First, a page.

The continuing rate of loss of land from agriculture is totally unacceptable. My right hon. Friend is reviewing the major causes of such losses to see how they can be reduced. He is also considering how to monitor these losses more accurately.
I am delighted by that reply. Is my hon. Friend aware that in the last Parliament there were less than satisfactory arrangements between his Ministry and the Department of the Environment over the way that good agricultural land was used for urban development? Will he pay particular heed to the need to liaise on planning and subsidiary matters with the Department of the Environment?
The hon. Gentleman well knows that planning controls have been in operation for many years. It is felt that these should be altered in order to preserve an important natural resource that can never be replaced.
Since this is the first occasion upon which my hon. Friend and his right hon. and hon. Friends have answered questions from the Government Front Bench on agriculture, may I say that, of all the appointments made by the Prime Minister, that of the Secretary of State gave the greatest satisfaction to my right hon. and hon. Friends and myself? Bearing in mind the record held by my right hon. Friend in the improvement of derelict land in this country in his previous post will he take an early opportunity to make a statement on his policy towards land use in this country so that the remark he made about the loss of agricultural land being unacceptable may be put into practice?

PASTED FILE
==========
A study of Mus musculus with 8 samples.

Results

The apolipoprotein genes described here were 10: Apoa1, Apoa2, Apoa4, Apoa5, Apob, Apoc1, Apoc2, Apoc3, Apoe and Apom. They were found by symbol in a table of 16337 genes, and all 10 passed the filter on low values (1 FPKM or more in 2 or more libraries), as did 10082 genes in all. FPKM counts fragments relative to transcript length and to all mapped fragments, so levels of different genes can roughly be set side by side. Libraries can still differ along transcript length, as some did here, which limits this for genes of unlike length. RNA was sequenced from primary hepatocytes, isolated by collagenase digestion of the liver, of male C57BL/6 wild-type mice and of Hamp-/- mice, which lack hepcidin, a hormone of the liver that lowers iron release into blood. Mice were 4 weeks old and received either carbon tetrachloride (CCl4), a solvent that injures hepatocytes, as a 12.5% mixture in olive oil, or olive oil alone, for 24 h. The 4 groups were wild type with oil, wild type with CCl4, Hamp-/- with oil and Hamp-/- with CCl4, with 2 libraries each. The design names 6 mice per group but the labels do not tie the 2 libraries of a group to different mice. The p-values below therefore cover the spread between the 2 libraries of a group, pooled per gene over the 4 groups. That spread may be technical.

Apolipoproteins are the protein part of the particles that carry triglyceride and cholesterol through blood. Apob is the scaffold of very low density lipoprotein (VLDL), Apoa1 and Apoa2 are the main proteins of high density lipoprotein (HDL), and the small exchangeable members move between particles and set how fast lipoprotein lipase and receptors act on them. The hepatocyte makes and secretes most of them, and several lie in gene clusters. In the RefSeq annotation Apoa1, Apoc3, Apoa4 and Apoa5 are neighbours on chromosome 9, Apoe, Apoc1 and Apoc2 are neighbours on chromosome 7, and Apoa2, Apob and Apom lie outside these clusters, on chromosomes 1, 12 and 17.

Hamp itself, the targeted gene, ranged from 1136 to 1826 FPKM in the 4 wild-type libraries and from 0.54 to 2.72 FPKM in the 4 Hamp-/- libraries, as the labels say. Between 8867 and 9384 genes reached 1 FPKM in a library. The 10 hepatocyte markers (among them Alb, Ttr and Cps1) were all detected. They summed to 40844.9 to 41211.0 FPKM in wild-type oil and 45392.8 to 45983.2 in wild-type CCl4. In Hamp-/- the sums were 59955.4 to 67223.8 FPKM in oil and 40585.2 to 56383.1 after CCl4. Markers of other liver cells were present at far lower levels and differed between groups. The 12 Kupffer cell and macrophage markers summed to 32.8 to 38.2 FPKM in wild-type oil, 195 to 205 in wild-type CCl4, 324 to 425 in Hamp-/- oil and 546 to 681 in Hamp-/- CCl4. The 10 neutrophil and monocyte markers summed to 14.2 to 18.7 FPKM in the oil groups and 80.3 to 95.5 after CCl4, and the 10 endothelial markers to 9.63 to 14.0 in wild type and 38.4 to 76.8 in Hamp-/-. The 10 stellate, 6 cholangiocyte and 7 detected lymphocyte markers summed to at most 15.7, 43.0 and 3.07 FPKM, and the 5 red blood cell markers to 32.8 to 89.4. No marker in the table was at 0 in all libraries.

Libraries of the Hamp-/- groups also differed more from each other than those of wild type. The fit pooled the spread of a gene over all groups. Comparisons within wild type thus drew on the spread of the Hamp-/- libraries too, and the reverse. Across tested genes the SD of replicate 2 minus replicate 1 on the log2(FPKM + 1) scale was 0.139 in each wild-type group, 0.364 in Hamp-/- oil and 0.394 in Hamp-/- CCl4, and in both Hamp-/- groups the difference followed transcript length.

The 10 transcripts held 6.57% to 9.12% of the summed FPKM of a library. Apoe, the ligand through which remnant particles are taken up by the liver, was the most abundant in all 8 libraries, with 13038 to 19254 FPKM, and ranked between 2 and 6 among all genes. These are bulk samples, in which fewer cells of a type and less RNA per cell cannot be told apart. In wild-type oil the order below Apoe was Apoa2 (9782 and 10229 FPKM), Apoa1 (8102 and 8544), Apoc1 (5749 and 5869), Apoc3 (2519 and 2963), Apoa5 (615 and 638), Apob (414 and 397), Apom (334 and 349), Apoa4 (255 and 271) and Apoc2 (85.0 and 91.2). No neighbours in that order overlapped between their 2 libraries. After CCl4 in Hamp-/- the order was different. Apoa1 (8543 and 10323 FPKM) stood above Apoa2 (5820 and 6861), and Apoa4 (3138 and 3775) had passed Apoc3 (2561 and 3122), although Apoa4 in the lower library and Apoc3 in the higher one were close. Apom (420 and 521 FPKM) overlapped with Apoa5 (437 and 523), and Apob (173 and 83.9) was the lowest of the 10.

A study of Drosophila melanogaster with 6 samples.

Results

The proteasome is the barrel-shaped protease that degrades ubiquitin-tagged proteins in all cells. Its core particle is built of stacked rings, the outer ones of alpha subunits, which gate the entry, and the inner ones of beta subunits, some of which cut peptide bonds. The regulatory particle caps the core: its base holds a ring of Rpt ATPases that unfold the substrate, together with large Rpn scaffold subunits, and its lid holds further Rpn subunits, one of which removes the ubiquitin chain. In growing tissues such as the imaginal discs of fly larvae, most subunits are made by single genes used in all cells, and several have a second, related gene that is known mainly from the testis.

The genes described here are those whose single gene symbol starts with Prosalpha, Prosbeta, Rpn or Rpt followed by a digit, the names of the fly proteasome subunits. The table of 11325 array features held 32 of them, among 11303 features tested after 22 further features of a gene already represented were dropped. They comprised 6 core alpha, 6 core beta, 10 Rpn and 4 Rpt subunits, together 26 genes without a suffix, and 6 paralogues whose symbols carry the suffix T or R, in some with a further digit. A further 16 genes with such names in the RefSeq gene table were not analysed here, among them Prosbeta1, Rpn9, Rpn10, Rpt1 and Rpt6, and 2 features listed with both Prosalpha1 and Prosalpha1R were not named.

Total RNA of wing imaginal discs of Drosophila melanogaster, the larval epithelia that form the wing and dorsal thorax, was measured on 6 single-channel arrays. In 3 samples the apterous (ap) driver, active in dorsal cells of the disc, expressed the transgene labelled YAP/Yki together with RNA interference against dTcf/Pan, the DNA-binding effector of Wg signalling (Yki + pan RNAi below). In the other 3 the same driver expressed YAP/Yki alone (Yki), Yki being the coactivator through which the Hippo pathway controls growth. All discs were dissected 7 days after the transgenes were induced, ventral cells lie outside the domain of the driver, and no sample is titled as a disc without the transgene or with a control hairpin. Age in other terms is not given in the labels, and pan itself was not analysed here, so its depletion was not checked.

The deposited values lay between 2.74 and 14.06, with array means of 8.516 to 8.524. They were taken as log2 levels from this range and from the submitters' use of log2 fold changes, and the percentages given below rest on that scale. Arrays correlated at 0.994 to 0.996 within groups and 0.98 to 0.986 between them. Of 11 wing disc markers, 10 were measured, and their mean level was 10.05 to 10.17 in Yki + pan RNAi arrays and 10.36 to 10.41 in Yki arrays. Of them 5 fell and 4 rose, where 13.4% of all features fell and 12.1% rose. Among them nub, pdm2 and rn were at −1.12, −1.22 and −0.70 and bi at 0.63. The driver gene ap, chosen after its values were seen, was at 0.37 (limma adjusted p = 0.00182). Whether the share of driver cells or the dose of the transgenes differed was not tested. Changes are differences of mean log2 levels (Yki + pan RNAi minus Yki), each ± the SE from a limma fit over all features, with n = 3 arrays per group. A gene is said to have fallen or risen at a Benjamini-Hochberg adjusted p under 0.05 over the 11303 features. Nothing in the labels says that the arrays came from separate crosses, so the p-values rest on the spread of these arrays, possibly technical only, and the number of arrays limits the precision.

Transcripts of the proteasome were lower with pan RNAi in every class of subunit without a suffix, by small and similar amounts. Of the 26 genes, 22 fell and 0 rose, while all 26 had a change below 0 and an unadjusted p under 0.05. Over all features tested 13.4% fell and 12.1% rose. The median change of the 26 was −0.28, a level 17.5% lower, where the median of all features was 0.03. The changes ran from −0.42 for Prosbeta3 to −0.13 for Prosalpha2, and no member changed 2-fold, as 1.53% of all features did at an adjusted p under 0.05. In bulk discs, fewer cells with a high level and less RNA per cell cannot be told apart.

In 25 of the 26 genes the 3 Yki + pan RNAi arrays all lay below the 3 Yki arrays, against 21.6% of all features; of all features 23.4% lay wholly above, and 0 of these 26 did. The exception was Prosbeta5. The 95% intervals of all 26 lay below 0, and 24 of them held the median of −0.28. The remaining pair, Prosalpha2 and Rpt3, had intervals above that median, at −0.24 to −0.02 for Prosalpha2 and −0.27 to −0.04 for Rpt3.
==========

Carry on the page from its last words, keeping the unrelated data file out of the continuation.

I have intimated that steps have been taken on those lines. My right hon. and hon. Friends will have heard my hon. Friend's remarks, and I am sure that they thank him for them.
There is all the difference in the world between releasing controls and ensuring that land which is less suitable for agriculture is used in preference to grade one and other good land.